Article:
What iOS 6 might mean for Maps
That Apple is working on a substantial update to its Maps app seems a foregone conclusion at this point. But aside from the occasional vague rumor, any features that might be contained in such an update have remained shrouded in shadow.
Maps is clearly an important part of iOS, but Apple’s let it languish even as other parties—like Android—have leapt ahead. If iOS 6 does indeed bring a new version of Maps, there are some features that might help it catch up to, and overtake, the competition.
Turn-by-turn: Apple doesn’t particularly mind playing catch-up to its competitors, especially if it means taking the time to create a fully thought-out implementation rather than be first to market. While there are plenty of viable third-party GPS apps for iOS, they’re often pricey additions with hefty downloaded map packs. And it has to be galling for the company to lack a feature that Google built into Android back in 2009. This is one place that Apple’s mobile competitors have had the advantage, so it seems a likely area for Apple to focus its efforts.
Siri: Earlier this year, Google added the ability to specify a navigation destination by voice, but Siri’s natural language interactions are potentially an even bigger boon. While the virtual assistant already lets you specify a navigation direction, it can’t yet step you through the process, or help you, say, change your destination mid-trip. Plus, it’s a nice improvement over most GPS units’ synthesized voices, which lack much of a vocabulary beyond “Recalculating.”
Dashboard mode: The current directions interface for Google Maps on iOS is sufficient for cases when you’re navigating from the passenger seat, or even on foot, but if you’re driving solo, it’s downright dangerous. Siri’s voice navigation might help diminish that risk, but in situations when you do need to go hands-on, a more dashboard-friendly interface would be quite handy. And if you guessed that Android already has something similar, you get a gold star.
Better traffic: Apple’s already admitted that it’s been collecting anonymized information from iOS device users to create “a crowd-sourced traffic database.” While traffic support has been built into mapping on both Android and iOS for a while, it could always stand to have its reliability improved—current predictions can often be hit or miss. By taking advantage of the millions of iOS devices in use, Apple can potentially use that data to build an even better model of traffic situations in real time.
Offline mapping: Another Android advantage: Its turn-by-turn implementation caches data about your route so that if you lose network connectivity during your trip, you won’t lose all your data. That’s a good way to strike a balance between the convenience of downloaded maps and their hefty sizes; it’s definitely a feature Apple should embrace.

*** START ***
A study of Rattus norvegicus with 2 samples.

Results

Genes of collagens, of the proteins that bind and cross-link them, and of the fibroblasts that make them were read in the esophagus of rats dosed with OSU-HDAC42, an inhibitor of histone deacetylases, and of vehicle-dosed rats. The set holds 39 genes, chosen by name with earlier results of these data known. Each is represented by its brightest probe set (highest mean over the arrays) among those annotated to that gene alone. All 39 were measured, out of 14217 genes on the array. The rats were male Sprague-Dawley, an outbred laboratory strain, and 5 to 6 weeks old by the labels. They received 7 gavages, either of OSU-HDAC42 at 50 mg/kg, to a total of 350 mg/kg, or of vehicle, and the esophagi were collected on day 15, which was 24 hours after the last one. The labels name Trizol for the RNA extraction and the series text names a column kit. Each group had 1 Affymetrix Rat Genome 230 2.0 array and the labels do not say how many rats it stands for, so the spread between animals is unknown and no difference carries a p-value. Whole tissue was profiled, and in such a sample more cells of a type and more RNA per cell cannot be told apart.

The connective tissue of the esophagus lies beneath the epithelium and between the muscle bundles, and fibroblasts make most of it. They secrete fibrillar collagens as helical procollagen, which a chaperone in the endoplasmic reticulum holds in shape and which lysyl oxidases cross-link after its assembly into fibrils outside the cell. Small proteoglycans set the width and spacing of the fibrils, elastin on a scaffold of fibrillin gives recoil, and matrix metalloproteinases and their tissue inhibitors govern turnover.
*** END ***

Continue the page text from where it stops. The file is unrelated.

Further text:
Cycling directions: On the Web and on Android, Google Maps offers the ability to provide directions for cyclists. That’s not only a handy feature, but it’s an important one: Biking directions often conform to neither driving nor walking directions. Not only could it help cyclists create more efficient routes, but it could have a positive impact on safety as well, helping ensure that cyclists don’t find themselves in a dangerous traffic situation.
Preferred routes: Making directions smarter always gets a thumbs up. Speaking as someone born and raised in a city where you’re more often than not told “You can’t get there from here,” it’d be nice if the mapping data could be improved to take advantage of local knowledge. Whether that can be accomplished by harnessing traffic data to figure out how to avoid congestion spots, or otherwise analyzing routes that travelers commonly take, is unclear. It’s a challenging problem to solve, but the rewards of having best-in-class directions extend beyond just bragging rights.
Multiple stops: Ever need to figure out the most efficient way to make pick up a friend on the way to your destination? On iOS, Maps are a strictly location-to-destination affair. But Google Maps on the Web allows you to add subsequent destinations, helping you plot complicated routes to multiple places, potentially eliminating redundant or convoluted parts of your route.
Augmented reality: It’s a feature that’s cropped up in plenty of apps, but it’s always seemed a bit like a solution in search of a problem. Could an Apple-implemented augmented-reality option find a home in mapping? Rumors suggest that Apple is using a 3D-mapping technology that it picked up when it acquired C3 Technologies, but it’s unclear exactly what the implementation might be. Perhaps it could be used to beef up turn-by-turn directions by showing real-world landmarks, or even provide points of interest like nearby restaurants, lodgings, or gas prices.
[Senior editor Dan Moren is always on the lookout for a faster route and a better shortcut.]